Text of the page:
Baitullah Mehsud-A living legend
Baitullah Mehsud is a Pashtun from the Shabikhel sub-tribe of the Mehsud tribe. He was born in the early 1970s in a village called Landi Dhok in the Bannu region of the North West Frontier Province, which is some distance from the Mehsud tribe’s strongholds in South Waziristan.
With a reputation based on his record as a fearless fighter willing to die for the cause, Baitullah’s lack of a religious title has not held him back. Although he is the most powerful militant commander in Pakistan, he remains a shadowy figure with perhaps a larger-than-life reputation.
Commander Mehsud has recently been named in Time magazine’s 100 most influential people in the world. Newsweek has labelled him “more dangerous than Osama bin Laden”.
President Pervez Musharraf accused him last year of being responsible for dozens of suicide attacks which led Pakistan into emergency rule.
The CIA says he was the brains behind the assassination of former Pakistani Prime Minster Benazir Bhutto.
Baitullah Mehsud is not a household name—yet. Terrorist leaders tend to be nameless and faceless until their deeds earn them infamy. Osama bin Laden’s name was largely unknown to the public until Sept. 11, 2001. But with General Pervez Musharraf’s recent imposition of emergency rule in Pakistan and his desperate struggle to hang onto power, Baitullah’s name has begun to emerge in daily news reports coming out of Pakistan. Some portray him as an annoying stone in Musharraf’s shoe, just one of several problems confronting the general. But others see Baitullah as a pivotal figure who could tip the political balance in Pakistan toward militant Islam and spark terror attacks throughout the world.
Baitullah commands a force of 20,000 to 30,000 fighters in the tribal areas of northwest Pakistan. He has dispatched suicide-bombers to kill Pakistani police and soldiers in Swat, Kohat, Bannu, Dera Ismail Khan, and Peshawar. On August 30, his forces brazenly captured 213 Pakistani soldiers and held them hostage for two months until his demands were met. One day after declaring the current state of emergency, General Musharraf reached a settlement with Baitullah, exchanging 25 militants in government custody for the captured troops. Musharraf later admitted that these men were trained suicide bombers, and one of them was under indictment for participating in a suicide bombing. As part of the deal, Baitullah agreed to expel foreign militants from his territories and stop attacking the army. But Baitullah has signed peace accords with the Pakistani government before and reneged on his word.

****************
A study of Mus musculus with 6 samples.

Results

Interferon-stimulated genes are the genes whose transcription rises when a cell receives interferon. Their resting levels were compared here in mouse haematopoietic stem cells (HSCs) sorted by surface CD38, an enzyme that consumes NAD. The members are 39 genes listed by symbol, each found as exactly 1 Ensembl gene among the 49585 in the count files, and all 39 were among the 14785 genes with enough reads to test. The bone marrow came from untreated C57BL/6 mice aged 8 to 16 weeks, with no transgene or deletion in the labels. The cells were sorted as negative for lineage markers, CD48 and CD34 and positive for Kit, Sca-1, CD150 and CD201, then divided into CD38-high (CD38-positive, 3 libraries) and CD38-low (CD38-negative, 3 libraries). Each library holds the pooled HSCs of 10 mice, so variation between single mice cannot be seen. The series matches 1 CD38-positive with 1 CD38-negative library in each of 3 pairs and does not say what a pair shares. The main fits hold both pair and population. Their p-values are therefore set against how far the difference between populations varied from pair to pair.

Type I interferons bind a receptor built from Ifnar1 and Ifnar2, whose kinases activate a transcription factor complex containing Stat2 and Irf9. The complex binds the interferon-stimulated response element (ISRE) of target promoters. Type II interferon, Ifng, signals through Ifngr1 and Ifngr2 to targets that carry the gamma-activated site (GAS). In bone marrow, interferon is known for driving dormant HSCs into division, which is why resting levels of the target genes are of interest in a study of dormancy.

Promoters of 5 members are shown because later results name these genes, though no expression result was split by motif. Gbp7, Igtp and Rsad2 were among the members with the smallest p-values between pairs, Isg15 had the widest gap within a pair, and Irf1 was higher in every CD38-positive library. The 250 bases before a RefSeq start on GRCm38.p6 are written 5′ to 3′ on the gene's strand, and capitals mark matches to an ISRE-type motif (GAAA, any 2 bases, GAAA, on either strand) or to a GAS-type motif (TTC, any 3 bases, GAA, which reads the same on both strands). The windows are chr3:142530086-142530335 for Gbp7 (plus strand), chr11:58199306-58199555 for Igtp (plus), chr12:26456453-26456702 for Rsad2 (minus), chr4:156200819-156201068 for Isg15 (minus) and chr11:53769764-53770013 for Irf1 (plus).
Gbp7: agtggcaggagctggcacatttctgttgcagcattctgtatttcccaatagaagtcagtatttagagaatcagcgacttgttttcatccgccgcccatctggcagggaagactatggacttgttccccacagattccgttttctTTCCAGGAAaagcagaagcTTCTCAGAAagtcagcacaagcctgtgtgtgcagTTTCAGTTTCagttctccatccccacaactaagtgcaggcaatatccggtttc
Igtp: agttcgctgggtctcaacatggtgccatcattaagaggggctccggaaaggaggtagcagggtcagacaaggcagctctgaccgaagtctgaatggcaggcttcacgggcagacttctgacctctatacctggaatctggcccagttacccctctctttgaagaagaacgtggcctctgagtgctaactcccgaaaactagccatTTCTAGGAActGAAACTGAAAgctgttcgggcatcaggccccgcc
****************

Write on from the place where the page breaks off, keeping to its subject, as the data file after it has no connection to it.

Baitullah has no formal education or religious schooling but is a natural leader with keen political instincts. He controls a critical battleground in the war on terror, South Waziristan, a tribal territory in Pakistan on the Afghanistan border about the size of New Jersey. The Taliban currently thrive in this region and Al Qaeda is welcome there. There’s a better than even chance that Osama bin Laden is living somewhere in Waziristan under Baitullah’s protection.
Baitullah’s advocates say he has brought peace to the region, but detractors note that the peace came at a price—literally. Like a Mafia boss, he and his lieutenants shake down the populace for protection money. He’s closely allied to Taliban leader Mullah Omar, and, like the Taliban, he enforces an extreme form of shariah in his territory. Women must observe a strict form of purdah, and men are forbidden to shave their beards. Playing music and watching videos are against the law. He has ordered the murder of adulterers by stoning. There are few Pakistani government courts in the region, and the Waziristanis seldom use them. Instead they go to Baitullah to settle their differences. In South Waziristan and parts of North Waziristan, he is the law.
Baitullah is said to have a signature method of dealing with people he deems disloyal. He first sends the offender 1,000 rupees, a spool of thread, a needle, and a note instructing the person to have a kafan (burial shroud) made within 24 hours. When the time is up, the person is murdered.
Baitullah is also said to have ordered the suicide-bomber attack on Benazir Bhutto the day after she returned to the country on October 18, 2007. The explosions were close enough to Bhutto’s car to shatter the windshield. Baitullah denies that he was behind the attack, though it’s no secret that he despises her for her pro-American stance. He also opposes Musharraf for the same reason.
Both the Taliban and Al Qaeda have sought his support to accomplish their particular goals. The Taliban want to concentrate their efforts on waging war in Afghanistan and regaining control there. Al Qaeda militants want a worldwide jihad against all governments aligned with the United States, starting with Pakistan. Baitullah can send forces east into Afghanistan to help Taliban fighters or keep them in Pakistan to undermine the government. So far he has done both.
Since Sept. 11, 2001, the United States has given Pakistan $10 billion to help fight terrorism. But some believe that some of that money found its way into Baitullah Mehsud’s accounts. If so, what has he done with it? Is he content to serve the interests of the Taliban and Al Qaeda, or does he have ambitions of his own—even nuclear ambitions?